5th Mar 2020
The coronavirus and stock markets – keeping things in perspective
Stock markets have reacted sharply to the spread of coronavirus to countries outside of mainland China. Given the current crisis looks set to continue for the foreseeable future, investors should brace for more volatility in the stock markets. However, we urge you to remain calm and not to allow fear to govern your investment decisions.
No one can predict exactly how much damage there will be to the global economy from the current coronavirus crisis. However, we have witnessed similar large-scale health scares in the past such as SARS, Ebola and Zika, events which provide a large amount of data for economists to analyse.
The World Health Organization is coordinating a global response to the coronavirus, helping affected countries to take aggressive measures to contain it from spreading further. But when it comes to impacts on global markets, a health crisis like coronavirus can take months, even years, to play itself out.
With this in mind, it is better to ride out near-term volatility and wait for markets to recover in the medium term. So, while growth is being ‘deferred’ rather than destroyed, weakness in share markets will likely be a temporary phenomenon. Keep in mind that valuations around the world are higher than when previous pandemics were triggered, and we are at a later stage of a more mature economic cycle.
Without ignoring the very real fears people have in regard to the current crisis, we encourage you not to panic when it comes to your investment decisions. We know many people are inclined to race to sell shares when markets are volatile; however, we also know that it’s wise to not sell while those shares hold less value.
In fact, it was Warren Buffet who famously advised investors to “be fearful when others are greedy and be greedy when others are fearful”. He demonstrated that just last week when he boosted his stake in Delta airlines during its massive market selloff that was fuelled by fears surrounding by the coronavirus.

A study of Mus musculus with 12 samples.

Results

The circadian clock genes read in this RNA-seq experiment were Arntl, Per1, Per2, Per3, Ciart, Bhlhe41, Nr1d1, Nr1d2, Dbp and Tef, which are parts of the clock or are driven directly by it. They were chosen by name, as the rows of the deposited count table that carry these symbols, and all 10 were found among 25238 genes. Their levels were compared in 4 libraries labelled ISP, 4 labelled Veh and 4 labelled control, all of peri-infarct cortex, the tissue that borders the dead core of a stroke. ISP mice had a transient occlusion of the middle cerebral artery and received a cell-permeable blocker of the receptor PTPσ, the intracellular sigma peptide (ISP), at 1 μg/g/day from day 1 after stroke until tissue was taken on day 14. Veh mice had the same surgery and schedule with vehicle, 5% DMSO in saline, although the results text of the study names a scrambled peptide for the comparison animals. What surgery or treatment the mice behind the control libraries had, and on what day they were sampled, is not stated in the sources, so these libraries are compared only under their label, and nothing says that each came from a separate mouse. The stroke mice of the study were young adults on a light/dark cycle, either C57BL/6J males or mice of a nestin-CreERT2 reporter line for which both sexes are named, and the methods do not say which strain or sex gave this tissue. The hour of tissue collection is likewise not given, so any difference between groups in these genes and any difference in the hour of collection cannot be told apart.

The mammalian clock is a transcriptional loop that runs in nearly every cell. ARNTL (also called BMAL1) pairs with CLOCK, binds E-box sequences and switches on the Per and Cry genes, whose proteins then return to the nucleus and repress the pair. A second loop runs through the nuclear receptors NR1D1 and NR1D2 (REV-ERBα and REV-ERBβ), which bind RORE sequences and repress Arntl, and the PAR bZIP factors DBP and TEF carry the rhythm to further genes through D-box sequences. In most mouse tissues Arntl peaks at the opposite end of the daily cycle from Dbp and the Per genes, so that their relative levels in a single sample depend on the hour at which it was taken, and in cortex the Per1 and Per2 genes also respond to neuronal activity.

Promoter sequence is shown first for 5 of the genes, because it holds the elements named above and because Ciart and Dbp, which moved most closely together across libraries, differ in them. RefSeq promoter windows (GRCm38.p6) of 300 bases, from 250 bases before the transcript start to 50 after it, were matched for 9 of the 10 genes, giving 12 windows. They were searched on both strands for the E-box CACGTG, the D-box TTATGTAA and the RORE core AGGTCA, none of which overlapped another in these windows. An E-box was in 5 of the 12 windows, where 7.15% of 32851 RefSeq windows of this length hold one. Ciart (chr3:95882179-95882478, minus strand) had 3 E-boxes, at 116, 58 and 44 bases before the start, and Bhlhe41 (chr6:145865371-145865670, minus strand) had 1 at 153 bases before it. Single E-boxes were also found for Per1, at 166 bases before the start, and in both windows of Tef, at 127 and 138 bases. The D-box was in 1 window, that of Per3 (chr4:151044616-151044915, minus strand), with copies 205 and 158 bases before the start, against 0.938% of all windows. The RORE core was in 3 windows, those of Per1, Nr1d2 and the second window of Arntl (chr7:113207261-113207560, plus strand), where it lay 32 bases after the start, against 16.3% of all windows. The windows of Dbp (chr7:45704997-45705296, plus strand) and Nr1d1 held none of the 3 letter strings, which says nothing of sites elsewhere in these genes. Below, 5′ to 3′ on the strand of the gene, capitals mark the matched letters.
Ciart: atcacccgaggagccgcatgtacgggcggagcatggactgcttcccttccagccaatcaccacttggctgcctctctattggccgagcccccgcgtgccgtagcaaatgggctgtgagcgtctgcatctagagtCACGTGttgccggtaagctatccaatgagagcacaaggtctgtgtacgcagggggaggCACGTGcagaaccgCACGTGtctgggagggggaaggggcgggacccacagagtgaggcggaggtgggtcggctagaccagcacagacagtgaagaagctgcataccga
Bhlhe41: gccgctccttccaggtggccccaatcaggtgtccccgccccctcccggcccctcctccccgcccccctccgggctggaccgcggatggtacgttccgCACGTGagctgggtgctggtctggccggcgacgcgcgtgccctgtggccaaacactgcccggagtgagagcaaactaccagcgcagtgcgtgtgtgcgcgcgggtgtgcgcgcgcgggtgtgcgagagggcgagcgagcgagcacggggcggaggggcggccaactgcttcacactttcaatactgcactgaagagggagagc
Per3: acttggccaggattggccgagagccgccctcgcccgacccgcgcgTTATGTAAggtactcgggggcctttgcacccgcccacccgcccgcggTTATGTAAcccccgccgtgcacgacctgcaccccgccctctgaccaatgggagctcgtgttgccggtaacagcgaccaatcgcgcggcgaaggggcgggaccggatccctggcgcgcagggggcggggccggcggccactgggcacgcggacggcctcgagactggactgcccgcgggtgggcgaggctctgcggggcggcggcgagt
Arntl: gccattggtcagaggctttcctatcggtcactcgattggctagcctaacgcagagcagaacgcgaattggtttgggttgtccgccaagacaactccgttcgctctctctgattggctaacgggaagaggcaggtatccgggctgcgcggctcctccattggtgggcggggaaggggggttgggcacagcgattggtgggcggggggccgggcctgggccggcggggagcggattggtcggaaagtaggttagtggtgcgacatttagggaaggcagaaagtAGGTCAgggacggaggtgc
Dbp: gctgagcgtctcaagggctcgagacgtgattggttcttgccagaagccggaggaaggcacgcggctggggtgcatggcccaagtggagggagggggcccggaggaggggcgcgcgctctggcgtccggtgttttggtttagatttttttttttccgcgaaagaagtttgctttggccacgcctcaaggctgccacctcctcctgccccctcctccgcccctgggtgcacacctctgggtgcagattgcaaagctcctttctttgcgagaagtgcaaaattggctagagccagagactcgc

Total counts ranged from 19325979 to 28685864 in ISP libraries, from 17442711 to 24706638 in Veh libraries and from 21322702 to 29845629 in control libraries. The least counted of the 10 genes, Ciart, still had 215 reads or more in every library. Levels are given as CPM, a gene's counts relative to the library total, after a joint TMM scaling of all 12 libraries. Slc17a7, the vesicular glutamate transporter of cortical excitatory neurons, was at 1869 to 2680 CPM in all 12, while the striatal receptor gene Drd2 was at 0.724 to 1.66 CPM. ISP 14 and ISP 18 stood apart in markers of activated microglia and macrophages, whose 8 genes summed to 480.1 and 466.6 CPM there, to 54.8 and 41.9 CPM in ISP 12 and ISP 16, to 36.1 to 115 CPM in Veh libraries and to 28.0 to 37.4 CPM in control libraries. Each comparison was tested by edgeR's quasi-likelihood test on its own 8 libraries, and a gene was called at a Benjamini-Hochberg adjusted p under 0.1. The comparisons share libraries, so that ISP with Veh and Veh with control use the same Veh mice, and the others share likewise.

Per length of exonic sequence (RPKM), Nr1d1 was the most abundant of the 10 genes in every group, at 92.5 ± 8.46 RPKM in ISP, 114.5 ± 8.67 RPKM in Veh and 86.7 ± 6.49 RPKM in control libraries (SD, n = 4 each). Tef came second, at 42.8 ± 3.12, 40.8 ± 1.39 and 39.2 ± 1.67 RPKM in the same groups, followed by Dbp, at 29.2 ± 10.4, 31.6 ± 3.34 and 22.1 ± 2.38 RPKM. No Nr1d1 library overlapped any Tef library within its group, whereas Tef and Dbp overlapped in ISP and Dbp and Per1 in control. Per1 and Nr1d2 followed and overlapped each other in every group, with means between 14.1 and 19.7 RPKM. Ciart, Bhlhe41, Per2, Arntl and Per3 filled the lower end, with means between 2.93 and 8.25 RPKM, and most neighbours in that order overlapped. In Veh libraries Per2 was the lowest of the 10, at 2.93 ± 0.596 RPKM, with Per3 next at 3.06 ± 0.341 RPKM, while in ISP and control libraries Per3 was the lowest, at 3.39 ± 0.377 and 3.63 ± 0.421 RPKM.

In summary, when making decisions about your investments, always think long-term as markets have a history of bouncing back. Tim Buckley, CEO of Vanguard in his recent public message regarding the coronavirus said:
“Stay the course. An investment plan established during calmer times should not be abandoned in the midst of a market downturn.”
Oil impact – update
The decision by Saudi Arabia to cut oil prices and threaten to expand production adds another deflationary force in the global economy. Brent oil prices have fallen close to $14 to $31 in early trading in Asia. This marks the most significant fall in oil prices since 1991. Lower oil prices will transfer spending power to oil consumers such as Japan and India from the Middle East. However, they will also further deflate the global economy as headline inflation falls away, and oil production economies see a sharp drop in GDP.
The sudden downward lurch in the oil price will bring back memories of the spread widening seen the last time the oil price turned from highs above $100 per barrel and dropped from there. The US HY Index carries a significant proportion of energy bonds, hence the spike in spreads seen there.
The updated inforamtion regarding the oil prices was produced by Purple Strategic Capital Ltd (“PSC”). The information contained in this report is for informational purposes only and should not be construed as a solicitation or offer, or recommendation to acquire or dispose of any investment.